OST's Awareness and Information Campaign for the Retention of Austrian Citizenship
bridges vol. 28, December 2010 / Norm Neureiter on S&T in Foreign Policy
By Norman P. Neureiter
Earlier this month I was in Delhi, India, to celebrate the 10th anniversary of the Indo-US S&T Forum (IUSSTF) and to participate in the annual meeting of the joint Governing Body (GB) of that organization, of which I am the US cochair. The broad mission of the bilateral IUSSTF is to promote S&T cooperation between the US and India. This Forum has a unique structure for a cooperative instrument supported by two governments, since it was not possible at the time of President Clinton's visit in 2000 to sign a formal science cooperation agreement. India was under US sanctions because of their test of a nuclear weapon in 1998, and also the Indians were unwilling (understandably) to accept the rather one-sided intellectual-property provision which the US required at the time in all formal S&T agreements. However, the creative ingenuity of then-US Ambassador to India Richard Celeste led to establishing the Forum as an Indian private society (an NGO), officially chartered under the Indian Societies Registration Act of 1860.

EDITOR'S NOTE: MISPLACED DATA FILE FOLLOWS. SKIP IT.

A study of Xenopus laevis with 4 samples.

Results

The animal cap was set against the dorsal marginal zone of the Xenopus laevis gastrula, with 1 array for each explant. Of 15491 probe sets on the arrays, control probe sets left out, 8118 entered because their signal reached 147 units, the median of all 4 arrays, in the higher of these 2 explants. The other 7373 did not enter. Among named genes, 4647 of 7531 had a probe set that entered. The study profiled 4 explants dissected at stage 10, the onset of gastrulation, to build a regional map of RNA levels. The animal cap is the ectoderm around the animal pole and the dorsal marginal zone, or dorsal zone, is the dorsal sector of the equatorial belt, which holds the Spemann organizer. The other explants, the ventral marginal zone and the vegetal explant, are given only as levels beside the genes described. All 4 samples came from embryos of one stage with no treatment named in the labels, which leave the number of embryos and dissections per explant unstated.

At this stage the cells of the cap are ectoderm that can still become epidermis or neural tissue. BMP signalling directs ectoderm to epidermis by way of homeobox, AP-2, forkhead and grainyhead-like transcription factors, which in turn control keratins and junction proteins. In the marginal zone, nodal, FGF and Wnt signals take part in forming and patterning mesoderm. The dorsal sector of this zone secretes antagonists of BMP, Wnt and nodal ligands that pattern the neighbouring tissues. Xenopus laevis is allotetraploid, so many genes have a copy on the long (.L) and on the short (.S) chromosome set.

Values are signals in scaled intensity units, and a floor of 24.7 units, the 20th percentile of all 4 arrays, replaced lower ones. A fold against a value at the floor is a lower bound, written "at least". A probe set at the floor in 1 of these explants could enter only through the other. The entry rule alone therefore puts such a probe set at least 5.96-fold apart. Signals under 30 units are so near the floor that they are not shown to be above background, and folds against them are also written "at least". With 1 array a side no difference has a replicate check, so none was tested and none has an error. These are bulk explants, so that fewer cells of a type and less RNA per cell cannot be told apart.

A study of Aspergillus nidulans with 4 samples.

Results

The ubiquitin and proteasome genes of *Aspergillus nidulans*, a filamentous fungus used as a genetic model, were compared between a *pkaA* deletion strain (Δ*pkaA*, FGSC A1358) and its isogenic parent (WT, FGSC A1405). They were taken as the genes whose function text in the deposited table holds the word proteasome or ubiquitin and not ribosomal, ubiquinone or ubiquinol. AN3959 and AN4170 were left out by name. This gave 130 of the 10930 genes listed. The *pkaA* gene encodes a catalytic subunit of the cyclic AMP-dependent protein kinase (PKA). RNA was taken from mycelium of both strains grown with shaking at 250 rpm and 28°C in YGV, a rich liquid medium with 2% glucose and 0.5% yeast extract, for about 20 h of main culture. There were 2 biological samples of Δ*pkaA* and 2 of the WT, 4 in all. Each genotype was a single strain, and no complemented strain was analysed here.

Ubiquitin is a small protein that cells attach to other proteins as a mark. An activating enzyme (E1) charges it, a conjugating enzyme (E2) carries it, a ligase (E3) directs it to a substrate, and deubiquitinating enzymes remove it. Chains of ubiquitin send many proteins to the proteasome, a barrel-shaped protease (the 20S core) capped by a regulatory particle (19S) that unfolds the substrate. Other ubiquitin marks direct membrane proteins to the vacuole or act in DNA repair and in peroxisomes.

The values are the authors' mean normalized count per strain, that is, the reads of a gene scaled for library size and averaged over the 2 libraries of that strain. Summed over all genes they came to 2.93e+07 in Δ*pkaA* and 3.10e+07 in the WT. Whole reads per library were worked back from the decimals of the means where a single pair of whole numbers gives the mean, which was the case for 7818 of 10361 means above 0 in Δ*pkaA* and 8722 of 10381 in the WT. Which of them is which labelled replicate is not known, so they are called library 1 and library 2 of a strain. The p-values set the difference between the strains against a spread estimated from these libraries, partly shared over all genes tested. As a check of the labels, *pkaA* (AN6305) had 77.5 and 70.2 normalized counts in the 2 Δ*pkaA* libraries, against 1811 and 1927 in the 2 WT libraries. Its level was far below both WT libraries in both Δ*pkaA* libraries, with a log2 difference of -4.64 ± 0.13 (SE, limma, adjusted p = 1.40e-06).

The US government contributed $7 million in Indian rupees to an endowment deposited in an Indian bank, and the Indian Government agreed to match the annual interest earned on the endowment. The result was that the IUSSTF was assured of having an amount in rupees equivalent to $1.2 million to $1.4 million each year as core funding to support its activities. At the beginning, implementation was relatively slow, as the two governments moved to create the new, nongovernmental institution. US and Indian cochairs plus six other GB members from each country were appointed. A portion of the Fulbright House in Delhi was remodeled to house the IUSSTF Secretariat, and a lengthy competitive process led to the hiring of Dr. Arabinda Mitra - a scientist in the Indian government - as the first executive director (amitra[at]indousstf.org). Additional staff were hired and procedures for requesting, evaluating, and funding proposals were established along with careful financial management that would assure approval after rigorous fiscal auditing. After serving for nearly seven years, Dr. Mitra will soon leave the IUSSTF to take an important position in the Indian Department of Science and Technology; a search for a new executive director in India is now underway.
Access to the full article is free, but requires you to register. Registration is simple and quick – all we need is your name and a valid e-mail address. We appreciate your interest in bridges.